Also known as, or recorded in historical documents as;
castle in Elvayl Huchmenyt

In the community of Aberedw.
In the historic county of Radnorshire.
Modern authority of Powys.
Preserved county of Powys.

OS Map Grid Reference: SO07644739
Latitude 52.11715° Longitude -3.35035°

Aberedw Castle has been described as a certain Masonry Castle.

There are masonry ruins/remnants remains.

This site is a scheduled monument protected by law.


A crenelated mansion or castle, built by Walter Hackelutel in 1284-5 in the wake of the troubles of the later thirteenth century. It apparently replaced the castle mound on higher ground some 200m to the south-east (NPRN 305749). The castle is not recorded beyond the fourteenth century. The castle is a walled enclosure, some 39-41m square, with 6.0m diameter round towers at the angles. It stands above the Wye floodplain scarps on the west and has a 10-15m wide ditch on the remaining three sides with a counterscarp bank on the north. The entrance faced east where there is a causeway across the ditch. There are some slight traces of internal buildings. The eastern towers, at least, featured latrine shoots. The castle is greatly ruined. A dismantled railway runs along the foot of the river scarp. (Coflein)

Small rectangular masonry castle and associated defences (west side destroyed by railway) comprising remains of curtain wall with towers at north-east and south-east corners. Moat visible on north, south and east sides. Entrance remaining in east side. Most of W side has been destroyed by construction of railway, but inner face of curtain wall has been preserved in parts. E curtain wall stands to 1.9m in sections, but the ditch sides opposite are eroding. SE corner tower stood to a considerable height until recently when most of it collapsed witha fallen tree. Along N side curtain wall is well preserved in places, but NE corner tower is also falling away. Much broken stone in ditch on N. Possible enclosure bank on SW, but it is mostly obscured by a building. (Cadw 1985) The stone castle almost certainly dates from c1284 for Walter Hakelutel received a licence to crenellate by 1285 (Silvester, R J 1994b, 12). Survey carried out by CPAT for Cadw in 1994 identified the main components of the castle but highlighted their poor condition and the active erosion that is taking place (Jones, N & Frost, P 1994, 76-8; Jones, N W 1995b). No significant change in condition since 1994, though some erosion possible. (Cadw 2000) (Clwyd Powys Archaeological Trust HER)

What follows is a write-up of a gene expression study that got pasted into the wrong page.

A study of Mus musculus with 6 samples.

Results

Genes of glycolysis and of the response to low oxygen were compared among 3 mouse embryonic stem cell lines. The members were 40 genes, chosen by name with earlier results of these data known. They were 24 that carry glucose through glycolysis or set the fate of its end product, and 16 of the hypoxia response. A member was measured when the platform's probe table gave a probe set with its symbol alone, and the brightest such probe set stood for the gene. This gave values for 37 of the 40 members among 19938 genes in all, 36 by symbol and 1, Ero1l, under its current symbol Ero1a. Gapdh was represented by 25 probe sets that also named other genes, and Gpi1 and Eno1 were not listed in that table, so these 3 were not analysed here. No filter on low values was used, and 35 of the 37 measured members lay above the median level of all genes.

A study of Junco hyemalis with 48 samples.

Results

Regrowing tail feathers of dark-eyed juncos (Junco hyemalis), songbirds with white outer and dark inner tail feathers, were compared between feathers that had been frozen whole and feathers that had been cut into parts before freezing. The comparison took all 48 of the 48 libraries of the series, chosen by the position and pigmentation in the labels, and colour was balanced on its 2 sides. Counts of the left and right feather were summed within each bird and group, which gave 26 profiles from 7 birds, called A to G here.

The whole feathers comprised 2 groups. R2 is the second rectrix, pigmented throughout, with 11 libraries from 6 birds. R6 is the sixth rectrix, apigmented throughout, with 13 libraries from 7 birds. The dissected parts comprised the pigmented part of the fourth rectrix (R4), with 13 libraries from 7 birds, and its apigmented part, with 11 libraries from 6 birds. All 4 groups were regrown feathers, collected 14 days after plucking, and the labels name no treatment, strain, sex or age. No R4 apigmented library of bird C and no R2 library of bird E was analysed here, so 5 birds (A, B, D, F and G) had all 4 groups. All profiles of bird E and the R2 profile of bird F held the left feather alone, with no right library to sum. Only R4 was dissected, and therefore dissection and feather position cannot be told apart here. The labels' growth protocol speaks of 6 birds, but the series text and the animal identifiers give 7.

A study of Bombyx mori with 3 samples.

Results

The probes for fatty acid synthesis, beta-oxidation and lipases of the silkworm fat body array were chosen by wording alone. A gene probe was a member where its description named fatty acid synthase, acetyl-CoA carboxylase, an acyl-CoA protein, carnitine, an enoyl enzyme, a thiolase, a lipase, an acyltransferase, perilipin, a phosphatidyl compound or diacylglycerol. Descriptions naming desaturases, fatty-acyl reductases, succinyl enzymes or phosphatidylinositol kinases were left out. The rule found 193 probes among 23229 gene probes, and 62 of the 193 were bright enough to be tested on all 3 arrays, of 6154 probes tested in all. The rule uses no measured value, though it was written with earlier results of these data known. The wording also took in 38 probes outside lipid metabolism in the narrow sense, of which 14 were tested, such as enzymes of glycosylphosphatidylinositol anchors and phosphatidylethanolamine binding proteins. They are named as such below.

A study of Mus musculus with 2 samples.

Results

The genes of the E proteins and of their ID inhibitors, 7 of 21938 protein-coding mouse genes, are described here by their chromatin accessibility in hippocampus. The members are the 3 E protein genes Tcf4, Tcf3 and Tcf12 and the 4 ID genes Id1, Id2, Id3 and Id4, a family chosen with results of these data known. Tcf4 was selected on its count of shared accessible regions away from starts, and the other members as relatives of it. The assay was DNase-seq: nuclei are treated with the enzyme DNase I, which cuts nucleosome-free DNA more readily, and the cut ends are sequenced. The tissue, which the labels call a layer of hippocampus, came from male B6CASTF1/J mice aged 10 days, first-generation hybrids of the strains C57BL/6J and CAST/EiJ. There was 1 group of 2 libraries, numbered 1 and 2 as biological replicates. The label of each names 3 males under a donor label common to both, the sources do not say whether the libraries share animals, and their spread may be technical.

The monument consists of the remains of a castle, dating to the medieval period. A castle is a defended residence or stronghold, built mainly of stone, in which the principal or sole defence comprises the walls and towers bounding the site. Some form of keep may have stood within the enclosure but these were not significant in defensive terms and served mainly to provide accommodation. Aberedw Castle overlooks the floodplain of the river Wye and consists of a small rectangular masonry structure c.39m to c.41m square, which would originally have had round towers c.6m in diameter at each corner. It is surrounded by a ditch on the north, south and east sides and the eastern side is broken by a well-preserved entrance with a causeway across the ditch. Most of the western side has been destroyed by the construction of the railway but the inner face of the curtain wall is evident in parts. The eastern curtain wall is still standing to a height of about 1.9m in sections. The masonry is however in a generally crumbling condition. There are some slight traces of internal buildings. This castle is probably the successor to the nearby motte (Scheduled Ancient Monument RD117) and almost certainly dates from c.1284-5, as Walter Hakelutel received a licence to crenellate by 1285 in the wake of the defeat of the Welsh under Llywelyn ap Gruffudd. It is not recorded beyond the 14th century. (Scheduling Report)
It has been incorrectly suggested that a Royal licence to crenellate was granted in 1284 Nov 24 (Click on the date for details of this supposed licence.).

The supposed licence to crenellate in 1285 is, in fact, a grant for Walter Hackelutel, a knight of Edmund Mortimer, to hold the castle he had already begun needed because of changes of ownership. The Close Roll entry does say 'the king has pardoned Walter Hackelutel, in consideration of his grateful service to the king and of his costs and expenses in newly erecting a house in the Welsh marches and afterwards crenellating (kernelandam) it by the king's licence for the security of those parts, a debt of 57l.' but this is a court scribal style. No Patent Letter was granted. This is not the same as saying this house was not fortified, it clearly was, although the security to the kings rule in these parts may have come more from having a loyal armed knight in the area than from this small, but secure, courtyard castle.
A sadly unloved site notable for farmyard rubbish and dog shit.